Does everyone understand?

How many times have you asked your students that during a lesson?  I know I asked my students that question too many times to count.  But I never thought about what I meant by the word understand.

Richard Skemp talked about two different types of understanding back in 1976.   The distinction is still important today.  The first type is relational understanding: knowing what to do and why.  The other is instrumental understanding: knowing a rule and how to use it but not understanding why the rule works.

You can probably think of many examples of instrumental understanding in a math class.  Students may know to “flip and multiply” when dividing fractions and may be proficient at computing the answers but they have no idea why the rule works.

Why might it be problematic to only develop instrumental understanding in students?

Skemp explored this by providing a great analogy of visiting a new town.  He talked about learning the route between two points.  He could get from A to B by following step-by-step directions that were given to him.  Or he could explore the town with the goal of developing a mental map of the town.   In the first case, if he makes a mistake, he will be lost.  He needs to rely on outside guidance to help him get back on track.  In the second case, he can find his way around without having to follow step-by-step directions and can choose from multiple paths.  If he turns the wrong way, he can correct his mistake without any outside help and perhaps learn from the mistake.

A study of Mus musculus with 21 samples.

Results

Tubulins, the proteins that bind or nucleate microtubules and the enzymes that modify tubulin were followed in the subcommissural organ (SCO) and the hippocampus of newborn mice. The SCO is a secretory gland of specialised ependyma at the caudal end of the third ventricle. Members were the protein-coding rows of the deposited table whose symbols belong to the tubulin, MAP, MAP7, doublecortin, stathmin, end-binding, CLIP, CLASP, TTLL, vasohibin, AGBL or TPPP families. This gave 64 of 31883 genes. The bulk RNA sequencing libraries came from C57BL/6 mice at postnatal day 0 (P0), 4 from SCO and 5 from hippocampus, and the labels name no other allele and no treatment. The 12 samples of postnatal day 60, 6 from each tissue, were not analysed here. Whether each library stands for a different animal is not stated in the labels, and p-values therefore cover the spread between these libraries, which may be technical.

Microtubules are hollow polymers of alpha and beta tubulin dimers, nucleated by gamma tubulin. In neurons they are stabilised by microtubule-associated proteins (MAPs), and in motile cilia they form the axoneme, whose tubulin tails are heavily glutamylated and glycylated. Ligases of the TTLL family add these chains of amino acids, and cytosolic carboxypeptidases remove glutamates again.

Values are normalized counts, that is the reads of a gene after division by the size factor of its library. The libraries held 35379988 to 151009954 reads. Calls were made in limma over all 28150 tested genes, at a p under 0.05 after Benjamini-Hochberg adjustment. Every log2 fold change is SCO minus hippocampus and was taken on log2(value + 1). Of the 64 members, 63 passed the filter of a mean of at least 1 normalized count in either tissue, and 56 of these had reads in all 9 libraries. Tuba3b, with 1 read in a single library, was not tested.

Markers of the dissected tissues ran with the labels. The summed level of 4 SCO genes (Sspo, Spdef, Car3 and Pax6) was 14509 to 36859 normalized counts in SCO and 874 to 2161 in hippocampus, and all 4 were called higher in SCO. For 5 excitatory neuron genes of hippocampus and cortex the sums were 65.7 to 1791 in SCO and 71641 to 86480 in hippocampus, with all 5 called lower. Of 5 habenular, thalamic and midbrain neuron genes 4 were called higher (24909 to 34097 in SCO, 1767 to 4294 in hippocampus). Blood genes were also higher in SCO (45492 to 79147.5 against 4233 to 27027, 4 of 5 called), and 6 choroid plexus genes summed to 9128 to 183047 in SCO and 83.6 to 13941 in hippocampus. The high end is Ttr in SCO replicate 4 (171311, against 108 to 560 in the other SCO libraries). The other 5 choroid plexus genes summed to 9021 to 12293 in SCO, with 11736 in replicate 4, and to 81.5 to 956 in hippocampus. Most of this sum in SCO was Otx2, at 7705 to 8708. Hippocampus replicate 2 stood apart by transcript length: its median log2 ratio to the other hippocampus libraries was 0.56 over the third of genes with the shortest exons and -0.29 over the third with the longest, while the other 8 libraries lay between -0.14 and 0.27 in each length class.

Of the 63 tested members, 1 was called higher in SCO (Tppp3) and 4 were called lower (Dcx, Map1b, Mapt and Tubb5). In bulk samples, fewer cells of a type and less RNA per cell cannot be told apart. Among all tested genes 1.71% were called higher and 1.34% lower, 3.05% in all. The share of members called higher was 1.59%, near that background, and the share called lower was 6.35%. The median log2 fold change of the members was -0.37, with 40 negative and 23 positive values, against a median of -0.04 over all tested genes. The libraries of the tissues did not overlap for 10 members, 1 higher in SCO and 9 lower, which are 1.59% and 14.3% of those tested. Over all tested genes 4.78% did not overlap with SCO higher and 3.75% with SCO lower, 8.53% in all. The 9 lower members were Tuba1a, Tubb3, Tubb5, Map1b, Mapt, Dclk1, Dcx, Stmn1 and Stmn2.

How does this relate to math class?

If our students only develop instrumental understanding, they need to remember a series of different step-by-step procedures and when to use them.  They are dependent on the teacher for what to do if they make a mistake.  On the other hand, if they develop relational understanding they can use the connections they have developed to begin to correct their own mistakes and use multiple methods to solve a problem.  Skemp further argues that relational understanding is longer lasting and more adaptable to new tasks.

Thinking about what type of understanding about mathematics we want to foster in our students can help us thoughtfully make choices in our classrooms.  Does everyone understand?

Want to know more?

Read Skemp’s article:

Skemp, R. R. (1976). Relational Understanding and Instrumental Understanding. Mathematics teaching, 77, 20-26.